Specifically, would one side of the planet have less gravity than on the other?
Trivially: yes. This is true on Earth... sensitive weighing scales can sense the moon, because as it passes overhead things get slightly lighter. On your binary world, you'll be lightest on the bits of a world's surface that have the other world directly above. Quite where you'd be heaviest I'm not quite sure... not quite on the point of a world furthest from the other (because the gravitational influence of the other world is at a minimum there), but I can't intuitively tell what the gravitational potential looks like as you travel around the world and I'm too lazy to simulate it.
You might lean a little sideways on the "poles"... but it isn't clear what would mark the poles anyway, as the bodies will be tidally locked (so no axis of rotation), and as they don't rotate nicely they might not have a geodynamo to provide magnetic poles, and they might not even have an axis of symmetry perpendicular to the line joining the two barycenters. The only real "poles" are the points on either world maximally distant from the other world.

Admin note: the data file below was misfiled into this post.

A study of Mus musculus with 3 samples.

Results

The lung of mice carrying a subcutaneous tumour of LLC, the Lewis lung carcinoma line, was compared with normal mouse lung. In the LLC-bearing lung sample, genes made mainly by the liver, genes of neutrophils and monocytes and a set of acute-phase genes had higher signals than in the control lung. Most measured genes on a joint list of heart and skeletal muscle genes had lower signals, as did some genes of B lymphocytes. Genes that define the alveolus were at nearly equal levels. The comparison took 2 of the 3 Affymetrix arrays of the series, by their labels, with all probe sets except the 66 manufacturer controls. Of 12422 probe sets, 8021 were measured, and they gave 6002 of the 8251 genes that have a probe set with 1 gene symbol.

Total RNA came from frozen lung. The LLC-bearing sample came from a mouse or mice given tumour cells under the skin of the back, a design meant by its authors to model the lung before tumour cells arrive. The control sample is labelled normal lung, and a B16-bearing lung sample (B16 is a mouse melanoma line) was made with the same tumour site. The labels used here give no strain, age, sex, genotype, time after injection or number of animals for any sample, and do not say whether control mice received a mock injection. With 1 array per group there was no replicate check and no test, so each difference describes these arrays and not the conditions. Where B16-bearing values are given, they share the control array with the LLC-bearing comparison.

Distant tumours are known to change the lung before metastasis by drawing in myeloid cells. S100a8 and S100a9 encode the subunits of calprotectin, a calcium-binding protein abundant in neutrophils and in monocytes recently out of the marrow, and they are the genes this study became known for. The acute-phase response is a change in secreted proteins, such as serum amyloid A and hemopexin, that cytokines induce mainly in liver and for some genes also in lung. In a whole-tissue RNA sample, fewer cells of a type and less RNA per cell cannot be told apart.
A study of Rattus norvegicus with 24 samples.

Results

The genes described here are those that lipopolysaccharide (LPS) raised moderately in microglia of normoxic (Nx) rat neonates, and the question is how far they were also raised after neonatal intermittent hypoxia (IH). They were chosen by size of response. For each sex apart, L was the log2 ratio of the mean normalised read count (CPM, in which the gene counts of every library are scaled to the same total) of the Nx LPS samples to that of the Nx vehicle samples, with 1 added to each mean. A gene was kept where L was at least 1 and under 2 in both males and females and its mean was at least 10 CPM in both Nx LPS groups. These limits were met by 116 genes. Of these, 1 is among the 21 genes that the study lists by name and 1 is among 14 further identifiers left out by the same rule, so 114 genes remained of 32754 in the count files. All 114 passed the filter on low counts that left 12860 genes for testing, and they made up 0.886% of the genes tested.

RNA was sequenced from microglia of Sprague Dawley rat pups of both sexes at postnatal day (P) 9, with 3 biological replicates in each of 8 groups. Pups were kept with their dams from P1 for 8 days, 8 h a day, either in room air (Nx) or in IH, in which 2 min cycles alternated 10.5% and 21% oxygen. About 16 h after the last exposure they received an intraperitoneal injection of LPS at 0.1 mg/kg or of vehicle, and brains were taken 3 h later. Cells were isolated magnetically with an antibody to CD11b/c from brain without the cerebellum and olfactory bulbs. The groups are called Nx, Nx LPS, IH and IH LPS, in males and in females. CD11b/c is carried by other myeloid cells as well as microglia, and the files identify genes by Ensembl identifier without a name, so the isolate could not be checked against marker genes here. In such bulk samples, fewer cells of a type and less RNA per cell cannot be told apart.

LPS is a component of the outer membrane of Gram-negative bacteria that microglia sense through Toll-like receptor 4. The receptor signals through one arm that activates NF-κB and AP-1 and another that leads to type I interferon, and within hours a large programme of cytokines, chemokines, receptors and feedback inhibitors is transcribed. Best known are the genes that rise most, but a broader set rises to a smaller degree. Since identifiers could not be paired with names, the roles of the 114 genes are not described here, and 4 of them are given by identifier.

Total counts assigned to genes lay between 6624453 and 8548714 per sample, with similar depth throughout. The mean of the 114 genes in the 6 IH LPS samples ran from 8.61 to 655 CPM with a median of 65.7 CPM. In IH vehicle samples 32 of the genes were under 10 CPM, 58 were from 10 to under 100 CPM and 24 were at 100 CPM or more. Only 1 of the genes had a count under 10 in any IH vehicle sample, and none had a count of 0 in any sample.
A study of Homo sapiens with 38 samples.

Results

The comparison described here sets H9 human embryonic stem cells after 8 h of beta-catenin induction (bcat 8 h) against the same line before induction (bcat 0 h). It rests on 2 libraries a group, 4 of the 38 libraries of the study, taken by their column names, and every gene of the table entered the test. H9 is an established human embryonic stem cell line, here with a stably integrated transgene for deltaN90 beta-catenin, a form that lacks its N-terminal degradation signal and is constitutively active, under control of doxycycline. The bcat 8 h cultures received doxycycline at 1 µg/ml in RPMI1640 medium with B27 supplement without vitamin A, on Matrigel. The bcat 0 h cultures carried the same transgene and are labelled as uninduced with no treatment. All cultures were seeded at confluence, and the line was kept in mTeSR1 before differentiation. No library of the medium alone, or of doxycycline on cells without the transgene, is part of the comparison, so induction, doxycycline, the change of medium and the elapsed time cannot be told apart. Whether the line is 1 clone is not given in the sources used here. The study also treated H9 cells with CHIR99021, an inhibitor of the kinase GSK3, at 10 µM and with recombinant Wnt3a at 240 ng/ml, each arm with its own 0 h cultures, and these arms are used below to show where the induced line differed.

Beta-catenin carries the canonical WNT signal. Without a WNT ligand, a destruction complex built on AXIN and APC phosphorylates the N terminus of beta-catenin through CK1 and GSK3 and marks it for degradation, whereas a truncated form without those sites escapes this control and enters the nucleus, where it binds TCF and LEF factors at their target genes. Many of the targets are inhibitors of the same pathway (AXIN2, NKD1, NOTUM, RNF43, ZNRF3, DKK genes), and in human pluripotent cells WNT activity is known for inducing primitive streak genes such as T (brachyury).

Let's say there's 2 planets orbit eachother as close as possible so they're oval shaped
One key thing for two similarly massive bodies close together though is that you don't always get the two-tidal-bulge shape that AlexP included, but instead the bits of the two bodies that are closest together get drawn even closer together. This inside bulge is called a Roche lobe. The more fluid (or at least plastic) the body is, the more pronounced the effect will be. As you travel "up" the lobe towards the L1 Lagragian point between the two worlds apparent gravity will decrease until it becomes effectively zero.
I'm not sure how likely this is for a binary planetary system, but it isn't uncommon in binary stellar systems. Here's a diagram of the gravitational potential between two massive bodies... specifically stars in this case, but in a pinch it might do for planets, too.
If you've not heard of Rocheworld, then that setting and discussion around it might be a good source of further information. There's plenty go on even on this site alone, eg. How would sunlight work in the area of shared atmosphere of a Rocheworld? or How Would It Feel To Walk On A Rocheworld?.